After 11 years in show business, formerly Little Stevie Wonder is finally in absolute control

April 26, 1973
Stevie Wonder
Stevie Wonder
Echoes/Redferns

'I remember one time we were in Puerto Rico, and it was a sunshiney day," said Ira Tucker. "And Stevie was saying it was gonna rain. He said he could smell the moisture in the air, and we were all laughing at him. Three hours later, sure enough, it came. A hailstorm!"

What Tucker – an assistant to Stevie Wonder for five years now – was saying was that Wonder wasn't handicapped. Born blind, yes. Hampered, no.

"He can hear," Ira continued, here in his Holiday Inn room across a concrete bridge from Chinatown, San Francisco. "Like when I get stoned and listen to the radio and then I can pick up things. He's there all the time." Tucker sat back in a yellow T-shirt named after Wonder's latest single, "You Are the Sunshine of My Life."


Stevie Wonder entered the synagogue for a post-concert party Motown was throwing for him. Half a year after the tour with the Stones, he was completing his show of new strength. He had conquered New York a month ago; here, he was headlining two shows, at Winterland and at the Berkeley Community Theater. He sold out both shows and won over both audiences. For the wider, whiter crowds he now draws, Wonder mixes together an Afro consciousness, a jazz/soul/rock/synthesized-up music, medleys of old hits and bits of other people's hits, and, in one quick exercise in excess, a shot of one-man-band razzmatazz, as he moves from drums to electric piano to ARP-wired clavinet to guitar to harmonica. What he cannot achieve through eye contact is reached by output of energy, by a music that is by turns loving and lusty, that tells how Stevie Wonder cherishes freedom, and how he uses it. And the music, sure enough, reflects the man.

For the party, Wonder put aside his Afro gown and shark's tooth necklace and dressed up in a champagne-gold suit, matched by a plaid bow tie and metallic-copper platforms stacked four inches high. He plopped down onto the floor to talk with people; he played the harmonica; with Coco, his most constant companion since his divorce last year from Syreeta Wright, he explored the building. Upstairs is the old synagogue, complete with balconies and pews enough to hold 1000 worshippers, fixed up with red carpeting, showboat lighting, and stained-glass windows all shaped into colored Stars of David. Stevie and Coco and their entourage sat in a pew, feeling the airiness of the room, listening to the music coming off the speakers on the stage, where the altar used to be. Suddenly, the synagogue was filled with "Superstition." The disk jockey at KSAN had been alerted and she was putting together a string of Wonder hits. Stevie's head snapped up, started to go from side to side . . . You would've thought he was a junkie . . .


Now in his eleventh year in show business, formerly Little Stevie Wonder is finally in absolute control.

"He feels he's back to making music again," said Ira Tucker. "There was a lull for a time, from the time he was 17 to Music of My Mind (which followed Where I'm Coming From in Wonder's post-Signed Sealed and Delivered progression in music). After two five-year contracts with Motown, Stevie was looking around, stalled six months, finally negotiated six weeks over a 120-page contract and made a deal. He got his own publishing – an unprecedented achievement for any Motown artist – and a substantially higher royalty rate (guessed at 50% by one close associate; Stevie would say only that he felt "secure").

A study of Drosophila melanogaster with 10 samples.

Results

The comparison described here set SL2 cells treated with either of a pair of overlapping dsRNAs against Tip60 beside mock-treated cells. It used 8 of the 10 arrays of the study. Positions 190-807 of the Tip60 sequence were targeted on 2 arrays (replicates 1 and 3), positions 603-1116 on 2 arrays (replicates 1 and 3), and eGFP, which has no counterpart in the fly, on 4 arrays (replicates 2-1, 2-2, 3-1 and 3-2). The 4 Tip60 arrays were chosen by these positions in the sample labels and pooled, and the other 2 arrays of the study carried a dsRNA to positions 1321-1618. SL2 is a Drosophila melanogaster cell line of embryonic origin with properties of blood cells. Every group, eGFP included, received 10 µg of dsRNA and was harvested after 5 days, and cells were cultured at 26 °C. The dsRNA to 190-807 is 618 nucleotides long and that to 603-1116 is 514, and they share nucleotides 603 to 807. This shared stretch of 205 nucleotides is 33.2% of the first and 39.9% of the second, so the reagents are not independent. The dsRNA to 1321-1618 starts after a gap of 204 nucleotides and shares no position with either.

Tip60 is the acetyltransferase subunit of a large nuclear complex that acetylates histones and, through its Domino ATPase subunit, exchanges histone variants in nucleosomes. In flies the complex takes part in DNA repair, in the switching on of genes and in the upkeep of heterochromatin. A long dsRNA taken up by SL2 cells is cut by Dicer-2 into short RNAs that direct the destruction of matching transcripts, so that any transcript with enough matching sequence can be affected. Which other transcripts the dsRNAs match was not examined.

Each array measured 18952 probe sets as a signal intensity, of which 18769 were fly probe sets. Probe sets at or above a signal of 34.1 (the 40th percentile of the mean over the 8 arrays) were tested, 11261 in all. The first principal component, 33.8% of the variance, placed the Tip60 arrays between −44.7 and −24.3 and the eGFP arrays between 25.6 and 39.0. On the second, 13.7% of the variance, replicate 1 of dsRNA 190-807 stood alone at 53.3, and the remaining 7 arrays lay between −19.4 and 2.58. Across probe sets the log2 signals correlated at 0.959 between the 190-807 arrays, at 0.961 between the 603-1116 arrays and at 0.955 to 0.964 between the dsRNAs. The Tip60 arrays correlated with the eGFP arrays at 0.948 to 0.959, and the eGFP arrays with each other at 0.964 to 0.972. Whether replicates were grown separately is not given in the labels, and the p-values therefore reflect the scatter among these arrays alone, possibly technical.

"It was a very important contract for Motown," said Wonder's attorney, Johannan Vigoda (who negotiated contracts for Jimi Hendrix and Richie Havens, among others), "and a very important contract for Stevie, representing the artists of Motown. He broke tradition with the deal, legally, professionally – in terms of how he could cut his records and where he could cut – and in breaking tradition he opened up the future for Motown. That's what they understood. They had never had an artist in 13 years, they had singles records, they managed to create a name in certain areas, but they never came through with a major, major artist. It turned out they did a beautiful job."

Stevie is not, in fact, alone at the top at Motown, still home for Marvin Gaye, Smokey Robinson, Diana Ross, and the album-proportion skills of Norman Whitfield and Barrett Strong. But Motown, now headquartered in Los Angeles – in a large office building on Sunset, across from the Soul'd Out nightclub – has moved its estimable weight into TV, films, and even onto Broadway (with Pippin). Berry Gordy recently became chairman of the board for Motown Industries, leaving the presidency of his Motown Records. And in the last year, while black music has moved vigorously into the pop charts, Motown has seemingly lost much of its touch. The label is signing more artists – black and white – and releasing more product, and getting fewer hits. Artists have upped and left; others complain more openly than ever before.

Marvin Gaye is a Gordy in-law; Smokey a vice president; Diana too close to ever leave. When she was pregnant with her first child and waiting to begin Lady Sings the Blues, in fact, Berry kept her busy by naming her head of Product Evaluation at Motown; for almost a year, she had the power of a vice president; in charge of deciding which tunes became singles, which singles got released and when.